The Hausvater Project

Hausvater: /HAUS-fah-ter/
noun (German)
1. Housefather.
2. Spiritually responsible head of household, including the housefather as assisted by the housemother.
>> Example: "As the Hausvater should teach it [Christian doctrine] to the entire family ..."
(Martin Luther, Small Catechism, 1529)

Prayers

Prayer of a Husband


Almighty and gracious God, you have instituted holy matrimony, and at the wedding of Cana, when your Son performed his first miracle, you honored and distinguished it as being well-pleasing to you. Since by your guidance I have entered holy matrimony and you have ordained me to be the head of a household, and you have commanded that husband and wife love each other, I ask for your blessings upon my marriage. Grant that I in Christian, love, harmony, and consideration live with my wife as the Apostle Peter writes: "Husbands, in the same way be considerate as you live with your wives, and treat them with respect as the weaker partner and as heirs with you of the gracious gift of life, so that nothing will hinder your prayers." (1 Pt 3:1)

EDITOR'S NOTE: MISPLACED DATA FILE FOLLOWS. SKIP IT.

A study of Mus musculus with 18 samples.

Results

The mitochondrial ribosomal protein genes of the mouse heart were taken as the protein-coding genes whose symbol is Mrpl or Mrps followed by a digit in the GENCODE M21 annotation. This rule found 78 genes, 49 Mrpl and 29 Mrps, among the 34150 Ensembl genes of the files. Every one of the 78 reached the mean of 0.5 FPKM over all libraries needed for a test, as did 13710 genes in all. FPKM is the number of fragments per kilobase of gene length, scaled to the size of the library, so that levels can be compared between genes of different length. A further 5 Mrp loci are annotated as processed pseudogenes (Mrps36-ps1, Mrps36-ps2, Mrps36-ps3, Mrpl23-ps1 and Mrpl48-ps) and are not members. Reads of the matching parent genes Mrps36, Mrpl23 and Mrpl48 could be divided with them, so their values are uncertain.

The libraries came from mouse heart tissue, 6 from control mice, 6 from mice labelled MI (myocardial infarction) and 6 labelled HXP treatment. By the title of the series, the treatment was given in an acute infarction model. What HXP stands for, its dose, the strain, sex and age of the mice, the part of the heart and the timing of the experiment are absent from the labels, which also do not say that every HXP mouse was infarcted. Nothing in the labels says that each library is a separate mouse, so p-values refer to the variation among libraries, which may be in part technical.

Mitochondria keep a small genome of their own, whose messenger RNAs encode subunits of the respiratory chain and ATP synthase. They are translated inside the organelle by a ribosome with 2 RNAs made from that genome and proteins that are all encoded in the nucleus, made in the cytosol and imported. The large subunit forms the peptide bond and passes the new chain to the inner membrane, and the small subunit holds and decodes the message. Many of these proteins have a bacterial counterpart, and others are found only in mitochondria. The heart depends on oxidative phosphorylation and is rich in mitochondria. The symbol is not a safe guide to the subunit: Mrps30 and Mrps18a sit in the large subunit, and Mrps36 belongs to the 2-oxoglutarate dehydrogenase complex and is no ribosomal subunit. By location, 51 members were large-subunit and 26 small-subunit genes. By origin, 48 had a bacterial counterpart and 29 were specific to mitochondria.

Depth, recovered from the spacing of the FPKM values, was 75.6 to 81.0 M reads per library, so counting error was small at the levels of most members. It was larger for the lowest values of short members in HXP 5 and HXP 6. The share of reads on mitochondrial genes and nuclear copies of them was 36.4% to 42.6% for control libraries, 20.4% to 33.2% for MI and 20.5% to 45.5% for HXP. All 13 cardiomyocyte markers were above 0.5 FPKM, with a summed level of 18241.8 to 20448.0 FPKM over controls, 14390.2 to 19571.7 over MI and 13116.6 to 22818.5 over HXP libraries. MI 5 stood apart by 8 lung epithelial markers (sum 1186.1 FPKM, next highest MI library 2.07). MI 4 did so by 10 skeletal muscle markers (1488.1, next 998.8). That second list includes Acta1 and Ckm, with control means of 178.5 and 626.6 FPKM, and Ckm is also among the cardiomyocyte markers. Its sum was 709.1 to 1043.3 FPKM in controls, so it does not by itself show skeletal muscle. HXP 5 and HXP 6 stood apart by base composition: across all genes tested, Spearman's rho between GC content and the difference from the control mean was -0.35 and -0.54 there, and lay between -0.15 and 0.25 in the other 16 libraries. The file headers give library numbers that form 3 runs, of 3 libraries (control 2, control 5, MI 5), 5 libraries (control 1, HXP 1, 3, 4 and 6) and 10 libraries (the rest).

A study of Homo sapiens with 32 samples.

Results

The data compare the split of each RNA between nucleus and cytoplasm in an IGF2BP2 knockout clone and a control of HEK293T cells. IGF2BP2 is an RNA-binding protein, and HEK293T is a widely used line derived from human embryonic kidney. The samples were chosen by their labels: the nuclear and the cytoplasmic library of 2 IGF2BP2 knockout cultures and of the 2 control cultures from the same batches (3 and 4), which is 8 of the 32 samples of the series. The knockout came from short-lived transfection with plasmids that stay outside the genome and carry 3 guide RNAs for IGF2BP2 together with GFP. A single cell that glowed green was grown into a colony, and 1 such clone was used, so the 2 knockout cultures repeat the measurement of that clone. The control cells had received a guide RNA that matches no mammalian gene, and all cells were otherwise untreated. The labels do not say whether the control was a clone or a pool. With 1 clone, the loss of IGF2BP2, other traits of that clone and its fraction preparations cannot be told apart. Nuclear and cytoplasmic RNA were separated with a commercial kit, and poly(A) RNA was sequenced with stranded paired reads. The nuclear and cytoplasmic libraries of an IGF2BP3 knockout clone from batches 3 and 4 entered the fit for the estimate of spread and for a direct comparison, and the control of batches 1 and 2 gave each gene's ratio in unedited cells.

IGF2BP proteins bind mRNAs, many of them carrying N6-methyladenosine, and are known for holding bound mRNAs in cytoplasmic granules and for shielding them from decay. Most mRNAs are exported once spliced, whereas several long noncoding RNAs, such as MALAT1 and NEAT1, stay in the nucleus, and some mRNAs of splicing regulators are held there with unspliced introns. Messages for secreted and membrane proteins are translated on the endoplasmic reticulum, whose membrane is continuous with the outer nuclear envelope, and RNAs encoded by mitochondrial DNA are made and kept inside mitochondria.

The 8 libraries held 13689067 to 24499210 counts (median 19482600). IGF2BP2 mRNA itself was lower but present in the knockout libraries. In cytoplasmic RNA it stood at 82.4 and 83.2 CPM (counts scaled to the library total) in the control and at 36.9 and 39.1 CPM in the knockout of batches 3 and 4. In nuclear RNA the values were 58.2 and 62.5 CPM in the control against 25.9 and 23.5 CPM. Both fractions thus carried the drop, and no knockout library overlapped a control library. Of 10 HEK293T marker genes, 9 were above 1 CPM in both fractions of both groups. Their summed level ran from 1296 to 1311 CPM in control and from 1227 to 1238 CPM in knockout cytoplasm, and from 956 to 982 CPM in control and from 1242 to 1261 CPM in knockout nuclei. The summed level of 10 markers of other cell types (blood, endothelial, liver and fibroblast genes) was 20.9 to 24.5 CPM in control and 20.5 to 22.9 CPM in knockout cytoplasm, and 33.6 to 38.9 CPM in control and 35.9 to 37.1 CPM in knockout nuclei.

Prevent Satan from bringing disagreements and strive into our home, and if, through the weakness of our sinful nature this does happen, grant that harmony may be quickly restored. Graciously grant that I may never lust after another woman or sinfully desire to have her. If it is your will keep sickness from me and my family. Grant that I may be diligent in the work of my occupation and not become disheartened over stress of work.

Graciously grant your blessing upon my work so that I and my family may be provided for and have all that we need for this body and life. Preserve our house and home and property from harm and danger. Help me to patiently bear any cross you lay upon me in this life, and after this life take us together with all believers to our heavenly home. For the sake of Jesus, Amen.

Abridged Treasury of Prayers: An Epitome from the Larger Gebets-Schatz (St. Louis: Concordia Publishing House), further abridged and rewritten by M. H. Eibs (1996; rpt. Mankato, MN: Lutheran Conference of Confessional Fellowship Publishing, 2001), 17.